An Ethical Alternative to Animal Dissection in Schools

An Ethical Alternative to Animal Dissection in Schools

When looking back at your school years, you’ve probably traded horror stories about what you had to dissect in science class, everything from frogs to squid to cows’ hearts. The tricksters splashed each other with mysterious liquids, the nature-lovers cried, and the smart kids called in sick. 

Thankfully, there is an alternative for future classes, even if it’s too late for the frog-dissectors of yesterday. It teaches biology, encourages exploration, and is still technically “dissection” although no animals were harmed in acquiring it: owl pellets.

These biological wonders are a bit icky to encounter at first, but hold many secrets about the health of the local ecosystem. An owl has no teeth, so they swallow prey whole then later regurgitate the indigestible parts (fur and bones) in a neatly folded pellet. Scientists use owl pellets to study both the health of local owls and the small rodents & insects they eat. Meanwhile, growing students are introduced to pellets as a way of exploring the process of natural science, making discoveries and observations while collaborating with others.  

We were glad to be a part of a recent Washington Post feature on owl pellet dissection, which included a great insight from Genia Connell, a third grade teacher in Michigan, who routinely uses owl pellet dissection in her classroom:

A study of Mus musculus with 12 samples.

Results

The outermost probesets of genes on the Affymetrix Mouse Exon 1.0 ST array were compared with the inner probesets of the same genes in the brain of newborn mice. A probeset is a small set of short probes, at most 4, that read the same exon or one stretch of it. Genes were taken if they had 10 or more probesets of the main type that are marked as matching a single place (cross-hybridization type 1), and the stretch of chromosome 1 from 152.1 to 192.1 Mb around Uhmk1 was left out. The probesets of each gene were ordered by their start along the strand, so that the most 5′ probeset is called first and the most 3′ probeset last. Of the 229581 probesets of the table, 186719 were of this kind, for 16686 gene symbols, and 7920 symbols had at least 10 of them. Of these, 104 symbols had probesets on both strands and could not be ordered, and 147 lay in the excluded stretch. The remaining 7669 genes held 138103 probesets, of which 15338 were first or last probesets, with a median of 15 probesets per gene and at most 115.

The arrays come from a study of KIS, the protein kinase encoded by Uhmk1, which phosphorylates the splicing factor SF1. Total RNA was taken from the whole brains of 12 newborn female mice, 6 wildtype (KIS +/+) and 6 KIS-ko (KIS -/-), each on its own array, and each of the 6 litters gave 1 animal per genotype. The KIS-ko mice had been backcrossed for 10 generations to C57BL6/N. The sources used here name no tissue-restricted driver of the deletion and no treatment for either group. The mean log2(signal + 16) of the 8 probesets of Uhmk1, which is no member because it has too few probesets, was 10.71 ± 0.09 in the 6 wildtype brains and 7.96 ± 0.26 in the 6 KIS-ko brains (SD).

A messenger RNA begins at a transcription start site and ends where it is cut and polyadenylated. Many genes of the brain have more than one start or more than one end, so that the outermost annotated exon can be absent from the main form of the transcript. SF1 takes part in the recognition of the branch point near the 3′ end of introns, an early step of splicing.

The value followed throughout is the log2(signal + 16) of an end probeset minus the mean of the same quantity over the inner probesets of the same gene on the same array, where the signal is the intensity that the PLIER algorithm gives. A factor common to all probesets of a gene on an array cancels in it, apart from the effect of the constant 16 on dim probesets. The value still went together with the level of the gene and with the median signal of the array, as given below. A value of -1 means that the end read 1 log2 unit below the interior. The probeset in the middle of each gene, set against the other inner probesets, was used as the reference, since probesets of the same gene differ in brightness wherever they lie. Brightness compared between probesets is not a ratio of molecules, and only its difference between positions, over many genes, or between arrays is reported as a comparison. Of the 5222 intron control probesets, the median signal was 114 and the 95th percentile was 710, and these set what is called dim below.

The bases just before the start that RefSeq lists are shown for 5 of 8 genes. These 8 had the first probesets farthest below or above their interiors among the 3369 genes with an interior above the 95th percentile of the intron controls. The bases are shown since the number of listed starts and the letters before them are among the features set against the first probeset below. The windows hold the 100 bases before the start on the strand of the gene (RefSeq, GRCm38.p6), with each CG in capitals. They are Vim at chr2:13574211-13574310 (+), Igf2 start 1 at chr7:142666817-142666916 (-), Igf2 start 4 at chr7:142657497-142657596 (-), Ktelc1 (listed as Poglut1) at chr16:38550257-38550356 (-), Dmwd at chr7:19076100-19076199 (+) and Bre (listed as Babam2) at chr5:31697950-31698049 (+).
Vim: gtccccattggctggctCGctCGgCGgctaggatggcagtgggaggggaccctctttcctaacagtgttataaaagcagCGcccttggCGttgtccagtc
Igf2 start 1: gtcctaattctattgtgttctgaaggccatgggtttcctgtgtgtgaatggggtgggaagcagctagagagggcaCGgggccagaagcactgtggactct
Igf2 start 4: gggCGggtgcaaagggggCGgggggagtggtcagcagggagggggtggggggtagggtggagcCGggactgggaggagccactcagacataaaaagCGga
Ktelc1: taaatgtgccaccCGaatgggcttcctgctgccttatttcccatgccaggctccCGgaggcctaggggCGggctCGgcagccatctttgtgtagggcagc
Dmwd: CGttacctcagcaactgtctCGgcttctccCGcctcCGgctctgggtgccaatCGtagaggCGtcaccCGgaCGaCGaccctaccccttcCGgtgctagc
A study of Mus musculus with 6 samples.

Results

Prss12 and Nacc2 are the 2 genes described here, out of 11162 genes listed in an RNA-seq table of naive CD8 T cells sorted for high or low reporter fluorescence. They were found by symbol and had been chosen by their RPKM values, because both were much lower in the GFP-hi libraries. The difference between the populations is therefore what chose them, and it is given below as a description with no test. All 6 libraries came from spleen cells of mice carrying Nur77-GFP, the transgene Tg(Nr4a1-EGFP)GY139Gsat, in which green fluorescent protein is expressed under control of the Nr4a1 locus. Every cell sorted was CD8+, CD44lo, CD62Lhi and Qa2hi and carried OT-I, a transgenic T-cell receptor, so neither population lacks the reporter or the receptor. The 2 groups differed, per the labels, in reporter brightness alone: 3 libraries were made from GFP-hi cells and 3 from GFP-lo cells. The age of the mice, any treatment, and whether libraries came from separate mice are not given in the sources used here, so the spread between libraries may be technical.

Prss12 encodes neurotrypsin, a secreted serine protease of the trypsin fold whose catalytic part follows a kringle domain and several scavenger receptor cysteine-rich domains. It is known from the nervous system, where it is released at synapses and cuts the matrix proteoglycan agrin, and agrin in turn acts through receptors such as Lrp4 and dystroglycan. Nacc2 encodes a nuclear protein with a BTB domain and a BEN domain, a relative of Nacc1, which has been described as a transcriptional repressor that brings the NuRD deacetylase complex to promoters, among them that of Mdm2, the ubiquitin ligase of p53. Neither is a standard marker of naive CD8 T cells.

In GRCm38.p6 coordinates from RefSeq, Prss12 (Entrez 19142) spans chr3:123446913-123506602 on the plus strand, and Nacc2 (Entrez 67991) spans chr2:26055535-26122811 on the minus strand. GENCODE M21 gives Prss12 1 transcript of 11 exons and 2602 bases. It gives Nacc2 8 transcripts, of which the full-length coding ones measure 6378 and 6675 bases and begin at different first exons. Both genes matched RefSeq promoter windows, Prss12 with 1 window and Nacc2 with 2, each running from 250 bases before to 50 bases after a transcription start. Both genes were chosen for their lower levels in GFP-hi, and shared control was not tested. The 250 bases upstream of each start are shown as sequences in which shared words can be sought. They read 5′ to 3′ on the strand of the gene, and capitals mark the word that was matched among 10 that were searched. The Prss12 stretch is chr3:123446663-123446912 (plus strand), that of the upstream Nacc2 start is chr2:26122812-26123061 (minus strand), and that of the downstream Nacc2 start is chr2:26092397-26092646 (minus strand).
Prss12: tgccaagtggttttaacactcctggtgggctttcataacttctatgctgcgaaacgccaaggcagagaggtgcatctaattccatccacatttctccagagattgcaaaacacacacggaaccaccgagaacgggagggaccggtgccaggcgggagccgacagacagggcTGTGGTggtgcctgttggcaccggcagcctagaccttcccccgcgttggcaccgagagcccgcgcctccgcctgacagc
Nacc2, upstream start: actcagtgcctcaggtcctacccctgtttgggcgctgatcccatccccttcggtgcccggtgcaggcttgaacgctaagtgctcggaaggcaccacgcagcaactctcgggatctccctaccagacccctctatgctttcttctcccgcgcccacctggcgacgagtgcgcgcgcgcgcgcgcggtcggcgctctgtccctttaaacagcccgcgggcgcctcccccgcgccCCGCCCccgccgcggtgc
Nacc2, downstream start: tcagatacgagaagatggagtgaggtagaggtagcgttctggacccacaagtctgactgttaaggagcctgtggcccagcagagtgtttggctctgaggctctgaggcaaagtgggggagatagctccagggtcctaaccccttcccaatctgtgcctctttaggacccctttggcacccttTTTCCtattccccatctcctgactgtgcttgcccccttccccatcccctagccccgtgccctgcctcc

“When the kids begin dissecting the pellets, they become so engaged and so vested in discovering what ‘their’ owl ate and comparing their findings with classmates,” Connell said. “If you’re that kid who discovers their owl ate three or four different animals in a single pellet, well then you automatically get hero status among the other 8-year-olds, at least for the hour!”

If you or a friend teaches natural science, either at school or at home, consider teaching through owl pellet dissection instead of dissecting animals. Most animal species used in dissection are primarily taken from the wild, while owl pellets are simply picked up from the ground or disused nests. We are glad to provide an ethical alternative to get young students interested in science.